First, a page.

NEW YORK (MainStreet) — A few months ago, it looked as if swipe fee reform would lead many big banks to start tacking fees onto debit card accounts, but many big banks are now balking on prospective monthly fees.
Chase (Stock Quote: JPM) confirmed Friday it will not be instituting the $3.50 debit card fee it was testing in Northern Wisconsin earlier in the year. The disclosure follows a similar one from PNC Financial (Stock Quote: PNC) Chairman and CEO Jim Rohr, who said the bank has no plans to add such a fee during its third-quarter earnings announcement last week.
This leaves Bank of America (Stock Quote: BAC) as the only major financial institution to publicly acknowledge its plans to charge consumers $5 for each month they use their debit card at a retailer. Bank of America did not comment as to whether or not the $5 charge was still being implemented as of press time. The fee is set to be introduced in 2012.
Wells Fargo (Stock Quote: WFM) began testing a $3 monthly fee on debit card accounts in four states on Oct. 14. A Wells Fargo spokeswoman told MainStreet Friday that the bank is continuing its pilot test, but has not made a decision as to whether the fee will go beyond that.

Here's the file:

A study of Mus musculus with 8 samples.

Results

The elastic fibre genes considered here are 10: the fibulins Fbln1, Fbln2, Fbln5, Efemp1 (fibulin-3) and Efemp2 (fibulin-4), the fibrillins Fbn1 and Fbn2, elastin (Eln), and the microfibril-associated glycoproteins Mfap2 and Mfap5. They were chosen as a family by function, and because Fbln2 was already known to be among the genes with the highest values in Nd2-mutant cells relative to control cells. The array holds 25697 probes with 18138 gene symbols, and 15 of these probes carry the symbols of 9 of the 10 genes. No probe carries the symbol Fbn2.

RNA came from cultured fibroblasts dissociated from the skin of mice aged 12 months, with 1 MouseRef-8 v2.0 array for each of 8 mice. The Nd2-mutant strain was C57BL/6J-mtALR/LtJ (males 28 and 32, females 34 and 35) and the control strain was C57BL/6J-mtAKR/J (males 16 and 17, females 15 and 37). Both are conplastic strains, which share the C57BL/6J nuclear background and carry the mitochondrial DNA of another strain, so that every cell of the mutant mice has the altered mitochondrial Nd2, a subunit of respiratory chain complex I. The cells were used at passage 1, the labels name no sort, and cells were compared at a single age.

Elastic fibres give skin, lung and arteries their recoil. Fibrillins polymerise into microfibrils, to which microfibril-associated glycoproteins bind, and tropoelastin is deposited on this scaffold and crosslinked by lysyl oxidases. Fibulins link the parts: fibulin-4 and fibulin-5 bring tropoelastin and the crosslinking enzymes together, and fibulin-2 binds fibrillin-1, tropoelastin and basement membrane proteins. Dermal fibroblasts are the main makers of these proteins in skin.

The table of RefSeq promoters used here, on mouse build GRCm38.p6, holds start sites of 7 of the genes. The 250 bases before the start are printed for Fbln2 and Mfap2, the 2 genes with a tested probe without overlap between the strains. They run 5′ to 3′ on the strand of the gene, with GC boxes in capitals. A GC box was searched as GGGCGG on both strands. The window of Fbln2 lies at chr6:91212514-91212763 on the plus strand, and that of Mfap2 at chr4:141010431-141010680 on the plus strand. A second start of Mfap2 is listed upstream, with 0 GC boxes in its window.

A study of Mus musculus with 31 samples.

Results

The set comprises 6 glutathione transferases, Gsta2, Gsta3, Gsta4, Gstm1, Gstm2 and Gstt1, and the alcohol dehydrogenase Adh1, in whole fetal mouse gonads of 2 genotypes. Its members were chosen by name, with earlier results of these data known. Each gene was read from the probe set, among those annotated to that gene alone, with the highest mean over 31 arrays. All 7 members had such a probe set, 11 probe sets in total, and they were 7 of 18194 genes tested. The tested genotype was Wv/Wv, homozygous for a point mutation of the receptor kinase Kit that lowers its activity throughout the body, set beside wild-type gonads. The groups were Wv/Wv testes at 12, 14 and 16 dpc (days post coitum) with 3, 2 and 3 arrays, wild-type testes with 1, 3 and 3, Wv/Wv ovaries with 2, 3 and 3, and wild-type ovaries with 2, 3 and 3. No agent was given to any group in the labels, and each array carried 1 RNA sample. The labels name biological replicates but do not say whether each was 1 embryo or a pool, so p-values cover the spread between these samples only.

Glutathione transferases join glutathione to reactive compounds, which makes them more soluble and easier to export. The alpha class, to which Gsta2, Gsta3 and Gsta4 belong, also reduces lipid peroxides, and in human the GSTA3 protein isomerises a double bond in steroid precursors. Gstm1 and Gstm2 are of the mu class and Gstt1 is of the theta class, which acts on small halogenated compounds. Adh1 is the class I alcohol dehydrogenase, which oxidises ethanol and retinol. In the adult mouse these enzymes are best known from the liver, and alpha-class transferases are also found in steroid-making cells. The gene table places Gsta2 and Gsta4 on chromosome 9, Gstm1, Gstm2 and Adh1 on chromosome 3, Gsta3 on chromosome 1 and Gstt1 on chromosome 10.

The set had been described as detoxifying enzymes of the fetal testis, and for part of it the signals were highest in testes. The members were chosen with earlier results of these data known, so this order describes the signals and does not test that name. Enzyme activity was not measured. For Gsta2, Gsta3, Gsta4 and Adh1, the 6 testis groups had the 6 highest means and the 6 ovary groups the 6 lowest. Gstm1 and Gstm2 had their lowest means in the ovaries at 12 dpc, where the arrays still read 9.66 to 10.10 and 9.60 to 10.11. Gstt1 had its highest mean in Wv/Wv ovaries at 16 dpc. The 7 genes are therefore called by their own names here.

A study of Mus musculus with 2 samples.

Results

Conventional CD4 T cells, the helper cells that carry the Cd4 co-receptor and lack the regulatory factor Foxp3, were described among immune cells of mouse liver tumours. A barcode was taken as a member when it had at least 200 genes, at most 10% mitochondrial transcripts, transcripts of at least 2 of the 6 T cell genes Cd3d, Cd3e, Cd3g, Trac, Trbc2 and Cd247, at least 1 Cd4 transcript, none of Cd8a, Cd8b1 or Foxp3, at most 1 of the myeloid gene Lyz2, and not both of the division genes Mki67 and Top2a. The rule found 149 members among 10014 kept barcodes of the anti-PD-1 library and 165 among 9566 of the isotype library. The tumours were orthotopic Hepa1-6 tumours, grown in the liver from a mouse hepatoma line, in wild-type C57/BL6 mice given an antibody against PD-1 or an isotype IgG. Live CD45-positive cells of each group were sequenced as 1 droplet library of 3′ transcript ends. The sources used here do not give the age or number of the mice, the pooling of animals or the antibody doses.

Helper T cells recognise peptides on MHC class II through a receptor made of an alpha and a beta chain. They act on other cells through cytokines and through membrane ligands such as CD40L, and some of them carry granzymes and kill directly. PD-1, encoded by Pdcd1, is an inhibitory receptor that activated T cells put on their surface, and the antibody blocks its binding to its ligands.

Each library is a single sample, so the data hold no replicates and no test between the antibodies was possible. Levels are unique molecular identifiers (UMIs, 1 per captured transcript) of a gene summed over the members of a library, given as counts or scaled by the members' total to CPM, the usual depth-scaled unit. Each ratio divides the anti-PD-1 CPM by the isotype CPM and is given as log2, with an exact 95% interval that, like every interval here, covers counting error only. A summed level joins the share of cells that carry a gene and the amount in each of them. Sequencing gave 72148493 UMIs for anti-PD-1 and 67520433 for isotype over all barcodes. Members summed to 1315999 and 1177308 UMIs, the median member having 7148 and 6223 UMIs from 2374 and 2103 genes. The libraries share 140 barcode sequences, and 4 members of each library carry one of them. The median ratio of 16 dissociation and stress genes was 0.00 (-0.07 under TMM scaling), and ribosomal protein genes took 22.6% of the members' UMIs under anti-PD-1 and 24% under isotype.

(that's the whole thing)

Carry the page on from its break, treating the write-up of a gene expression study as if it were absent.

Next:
Citi (Stock Quote: C), incidentally, also says it has no plans to institute a monthly debit card fee, but did announce earlier in the month that it would increase other monthly checking accounts fees starting in December.
Banks are providing few insights into why they have abandoned the fees that were intended to recoup funds lost to the Federal Reserve’s cap on interchange fees. However, consumers’ responses to the new charges have been largely negative, with Bank of America’s announcement sparking numerous petitions. Several consumer advocates have even pooled together to endorse National Bank Transfer Day, which encourages bank customers to move their accounts from big banks to smaller banks and credit unions on Nov. 5.